Oracle Team USA
Newequipment 3532 Oracle Emirates

Motion in the Ocean: The Race for America's Cup

June 23, 2017
Parker is known for industrial and aerospace control systems, but a solution they created for Oracle Team USA is positioned to try to keep America's Cup where it belongs.

After the 35th America’s Cup is over, possibly today, as Emirates New Zealand has a commanding 6-1 lead, Oracle Team USA member Stuart Meurer will return to sunny Southern California to design jets’ flight control systems to help them break the speed of sound. Sometimes the trained aerobatic pilot may find himself again flying upside down pulling 6 g.

For the last few years, Meurer, a project manager for Parker Hannifin, has been grounded in Bermuda (which ain’t such a bad place to be grounded). Loaned out to Team USA by the motion control company, Meurer has been charged with overseeing the overhaul of the racing yacht’s motion control system.

That may not seem all that difficult if you picture the regatta as two sailboats gently skimming above the turquoise water of the island nation’s Great Sound, occasionally trimming their jibs to catch more wind. That may have worked in 1851, when the New York Yacht Club’s schooner won the first of these contests.

“The use of lines, ropes, hand winches is pretty much gone,” Meurer says. “The motion of every control surface, whether it's the daggerboards, the rudders the wing twist, the jib, in every direction is hydraulic actuation.”

And unlike the old wooden ships of the Victorian era, this 50-ft. catamaran can fly. Jutting under both canoe-like carbon fiber hulls, a hydrofoil looms waits under the surface until the moment is right for a miraculous feat of physics and engineering.

“When you get out on the actual sailboat and you get laid down on the trampoline, once you get up to 7 mph of wind, that's when it smoothly transitions up into the air and you're kind of floating,” says Meurer, speaking of the time he went on one of the very similar practice boats, the AC45. He describes the quiet calm felt while gliding above the surf as “just kind of nirvana.”

Because of this level of peak engineering, the design and performance expectations of this highly sophisticated craft are comparable to a Formula 1 car. Both surf and turf racers require the upper limit of humanity’s cleverness to squeeze speed and precision. Every control surface has to be in the right position to get maximum lift and speed, only possible with the latest in flight control technology.

“The process is pretty different due to the schedule restraints, but we're doing aerospace design,” Meurer says. “The analysis portion of it where we're looking at the operating load range, the envelope, the loads, the speeds, safety margins — all of that we do the same here as in aerospace.”

The components themselves have to be able to fly and get wet, as a catamaran whipping around at 54 mph is subject to capsizing, all the components need to stand up to a saltwater bath every now and again, and were designed to be submerged.

Utilizing the Intellinder absolute position sensor, which is embedded in the hydraulic system to keep out harmful elements such as corrosion or water, also gives an edge.

Manufacturing the parts is also not much different, using CAD software to design the manifolds and CNC machine to make them, although hydraulic efficiency is given preference over weight.

This anodized CNC-machined manifold was designed to increase hydraulic efficiency aboard the AC50 boat.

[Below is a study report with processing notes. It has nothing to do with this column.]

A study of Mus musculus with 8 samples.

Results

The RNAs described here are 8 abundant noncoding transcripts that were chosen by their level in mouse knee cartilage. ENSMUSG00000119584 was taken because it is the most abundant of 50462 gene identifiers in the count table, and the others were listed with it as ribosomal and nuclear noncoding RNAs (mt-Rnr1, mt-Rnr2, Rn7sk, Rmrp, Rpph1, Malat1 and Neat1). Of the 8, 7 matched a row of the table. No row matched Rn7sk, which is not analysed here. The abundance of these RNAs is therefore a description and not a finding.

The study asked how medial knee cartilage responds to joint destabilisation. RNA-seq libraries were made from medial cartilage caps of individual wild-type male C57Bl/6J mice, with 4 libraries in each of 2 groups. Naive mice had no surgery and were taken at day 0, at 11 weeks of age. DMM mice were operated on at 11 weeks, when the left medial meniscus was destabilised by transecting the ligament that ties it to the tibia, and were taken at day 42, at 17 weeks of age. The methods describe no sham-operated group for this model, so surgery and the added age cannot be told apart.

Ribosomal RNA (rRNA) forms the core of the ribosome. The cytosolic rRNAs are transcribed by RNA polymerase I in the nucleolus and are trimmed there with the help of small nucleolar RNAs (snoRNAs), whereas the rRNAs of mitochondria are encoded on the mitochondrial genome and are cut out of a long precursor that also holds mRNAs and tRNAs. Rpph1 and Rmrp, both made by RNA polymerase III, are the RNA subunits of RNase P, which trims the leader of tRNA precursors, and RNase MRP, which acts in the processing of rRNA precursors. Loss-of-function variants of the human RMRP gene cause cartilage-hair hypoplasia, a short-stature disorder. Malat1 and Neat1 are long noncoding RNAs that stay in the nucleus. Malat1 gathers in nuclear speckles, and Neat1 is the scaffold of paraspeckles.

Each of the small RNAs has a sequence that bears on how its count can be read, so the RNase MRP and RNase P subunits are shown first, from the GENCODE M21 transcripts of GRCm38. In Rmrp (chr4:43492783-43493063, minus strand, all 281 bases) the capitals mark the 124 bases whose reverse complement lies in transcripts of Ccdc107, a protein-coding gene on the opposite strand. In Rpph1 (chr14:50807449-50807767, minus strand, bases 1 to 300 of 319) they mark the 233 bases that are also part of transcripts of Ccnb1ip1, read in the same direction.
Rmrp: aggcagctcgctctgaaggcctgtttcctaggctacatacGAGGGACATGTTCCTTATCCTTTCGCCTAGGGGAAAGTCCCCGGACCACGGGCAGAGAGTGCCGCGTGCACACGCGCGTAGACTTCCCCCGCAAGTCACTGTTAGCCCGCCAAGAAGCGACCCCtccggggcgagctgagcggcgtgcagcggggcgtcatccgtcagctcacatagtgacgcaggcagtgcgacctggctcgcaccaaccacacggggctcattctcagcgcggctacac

This is so important because, as per the cup rule, all the hydraulic power has to be manually generated. Four of the six members has a grinder they hand crank to generate up to about 300 W, about enough to make a small pot of coffee or toast bread. The race is 20 to 25 minutes, and wasted energy is simply not a luxury these yachts can afford.

Emirates New Zealand chose to pedal, setting up their grinders like stationary bikes, and they currently have a 6-1 lead on Team USA, with the race resuming June 24. During this time, the crew and support staff have been going over strategy and fine tuning the catamaran in a secretive hanger in the Royal Navy Dockyard.

Meuer says the foot pedaling vs. hand cranking isn’t the reason the Kiwis have taken a commanding lead. He admits that leg power of course generates more power, but other factors, such as crew stamina and keeping a low aerodynamic profile were also taken into account. The main factor is New Zealand has so far maximized the steering in “light air.”

“It is more of a strategic decision on what wind conditions you want to design your boards for and they happen to have gotten it right for last weekend,” he says.

So for now, the crew and support team are working around the clock to make any final changes to give them a chance to comeback, as they did in 2013, winning the last eight races against New Zealand to win 9-8.

Oracle Team USA is down 3-0, but faced worse odds in 2013, coming back from an 8-1 deficit against Middle Earth, which is sometimes referred to as New Zealand.

Win or lose, Parker’s goal was always to showcase how they can customize motion control solutions for any environment and any need, in a way people can actually visualize. You can’t see the parts that make a jet fly so smoothly, but you can see a giant sail rotating on a clear blue sea.

The real point is to get the message out that Parker, which is celebrating its centennial, doesn’t just create valves, sensors and pneumatics to control motion. They engineer solutions.

Meurer has already noticed it being much easier to explain what he does for to his own company, which has more than two dozen divisions.

“When I show people the pictures of the AC50, people are saying, ‘Oh my God, we can make those fly. What can we do for everybody else?’” he says. “I think we can solve any problem that is out there.”